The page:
Toby Harrah, the last active player who had worn a Senators’ uniform, wasn’t really ready to be a regular major league shortstop in 1971, but with Ed Brinkman traded to Detroit, the job became his. Not surprisingly, he was overmatched, but then so was the entire team after Bob Short was done making dreadful deals on his way to Texas.
Harrah kept getting better after the move and by 1975, he was arguably the best shortstop in the American League. The Sporting News named him to its post-season All-Star team. After the ’77 season, Harrah was clearly on top after hitting 27 homers and drawing a league-leading 109 walks. He even told the Washington Post’s Thomas Boswell as much in an essay in 1982 about the players who were in the starting lineup on that last opening day in Washington. He was just stating fact: “I was the best in the game…. The numbers said so.”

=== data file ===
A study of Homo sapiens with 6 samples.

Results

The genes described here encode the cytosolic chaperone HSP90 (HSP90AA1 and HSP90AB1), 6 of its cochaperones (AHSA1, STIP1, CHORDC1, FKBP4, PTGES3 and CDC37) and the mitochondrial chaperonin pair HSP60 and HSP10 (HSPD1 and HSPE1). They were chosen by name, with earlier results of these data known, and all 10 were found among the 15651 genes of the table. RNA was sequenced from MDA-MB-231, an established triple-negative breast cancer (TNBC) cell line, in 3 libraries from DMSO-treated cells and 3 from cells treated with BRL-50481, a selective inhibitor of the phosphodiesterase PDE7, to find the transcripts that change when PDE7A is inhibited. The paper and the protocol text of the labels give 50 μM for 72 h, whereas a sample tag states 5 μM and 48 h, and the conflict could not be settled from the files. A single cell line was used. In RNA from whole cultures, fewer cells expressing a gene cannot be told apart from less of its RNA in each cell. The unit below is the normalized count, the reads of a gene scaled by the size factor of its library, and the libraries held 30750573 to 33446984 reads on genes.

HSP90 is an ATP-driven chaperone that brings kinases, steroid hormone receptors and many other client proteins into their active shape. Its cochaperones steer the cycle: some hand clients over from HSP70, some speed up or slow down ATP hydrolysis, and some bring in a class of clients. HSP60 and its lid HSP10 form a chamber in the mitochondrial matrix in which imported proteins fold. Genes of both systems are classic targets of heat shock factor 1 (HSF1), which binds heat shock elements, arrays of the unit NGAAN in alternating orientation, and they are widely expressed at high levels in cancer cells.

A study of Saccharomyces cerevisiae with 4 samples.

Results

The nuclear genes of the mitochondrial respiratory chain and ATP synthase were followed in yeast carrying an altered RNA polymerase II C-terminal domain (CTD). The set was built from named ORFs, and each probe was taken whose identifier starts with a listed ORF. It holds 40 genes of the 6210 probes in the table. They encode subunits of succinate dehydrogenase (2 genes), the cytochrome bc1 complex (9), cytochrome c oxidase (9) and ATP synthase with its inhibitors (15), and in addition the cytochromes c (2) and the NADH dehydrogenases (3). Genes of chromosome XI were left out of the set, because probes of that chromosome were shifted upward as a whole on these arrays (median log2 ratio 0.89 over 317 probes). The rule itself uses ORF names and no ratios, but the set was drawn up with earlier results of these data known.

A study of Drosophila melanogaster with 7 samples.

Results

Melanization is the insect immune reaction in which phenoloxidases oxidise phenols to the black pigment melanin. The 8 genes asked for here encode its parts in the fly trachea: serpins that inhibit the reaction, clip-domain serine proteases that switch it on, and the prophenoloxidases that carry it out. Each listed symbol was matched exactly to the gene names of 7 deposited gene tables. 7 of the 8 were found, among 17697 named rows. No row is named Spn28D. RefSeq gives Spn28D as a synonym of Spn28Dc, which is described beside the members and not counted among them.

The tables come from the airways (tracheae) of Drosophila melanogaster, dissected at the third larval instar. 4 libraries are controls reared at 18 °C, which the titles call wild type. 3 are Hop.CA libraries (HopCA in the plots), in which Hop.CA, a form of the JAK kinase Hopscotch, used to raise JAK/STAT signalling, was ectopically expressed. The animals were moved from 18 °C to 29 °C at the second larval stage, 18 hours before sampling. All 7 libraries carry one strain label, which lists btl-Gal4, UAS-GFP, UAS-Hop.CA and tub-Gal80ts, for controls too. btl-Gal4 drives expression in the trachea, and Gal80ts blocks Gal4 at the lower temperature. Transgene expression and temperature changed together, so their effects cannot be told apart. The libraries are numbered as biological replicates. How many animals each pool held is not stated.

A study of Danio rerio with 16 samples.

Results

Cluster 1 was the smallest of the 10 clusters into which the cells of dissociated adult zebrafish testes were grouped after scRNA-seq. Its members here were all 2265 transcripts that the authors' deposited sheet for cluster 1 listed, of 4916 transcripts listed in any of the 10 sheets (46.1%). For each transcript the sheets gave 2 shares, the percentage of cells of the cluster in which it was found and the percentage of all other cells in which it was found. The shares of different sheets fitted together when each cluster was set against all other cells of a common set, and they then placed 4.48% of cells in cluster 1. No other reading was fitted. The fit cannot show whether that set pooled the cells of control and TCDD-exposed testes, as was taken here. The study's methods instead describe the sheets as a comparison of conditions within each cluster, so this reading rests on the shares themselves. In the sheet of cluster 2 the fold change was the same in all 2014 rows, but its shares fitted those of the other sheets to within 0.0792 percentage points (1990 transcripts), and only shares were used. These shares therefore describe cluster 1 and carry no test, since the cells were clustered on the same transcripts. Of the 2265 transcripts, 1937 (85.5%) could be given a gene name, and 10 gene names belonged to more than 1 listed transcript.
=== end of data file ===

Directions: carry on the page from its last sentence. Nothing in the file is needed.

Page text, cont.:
He was an OK fielder, but would never be mistaken for Ozzie Smith. Harrah twice led A.L. shortstops in errors, although by a stat that wasn’t around back then — range factor– he was among the league’s 10 best three times before he moved to third base and then to second at the end of his career.
That opening day in ’71 was Harrah’s first start in the majors. The expansion Nats beat Oakland and Vida Blue, 8-0, behind Dick Bosman. Harrah had two singles and a walk and scored twice. But by season’s end, he was hitting .230 and had driven in just 22 runs. He got himself back up to .230 after being as low as .211 on September 5.
“I couldn’t believe I was playing shortstop for that team,” Harrah told Boswell for the book, How Life Imitates the World Series (Washington Post Writer’s Group, 1982). Harrah remembers the season vividly, even if the Nats did finish last. “It’s the most fun I ever had on any club.”
Harrah was drafted by the Phillies out of high school in Ohio and signed December 27, 1966. He was taken by Washington in the minor league draft the next November, a move made by then-General Manager George Selkirk.
Harrah made four All-Star teams during his 17 years as a player, including representing a dreadful Texas team in 1972. When he retired as a player after the 1986 season, he managed several seasons at AAA and spent half a season as the Rangers’ manager in 1992. He had been a coach there since 1989. He later coached with the Tigers and Indians at various levels. He turned 69 on October 26, 2017.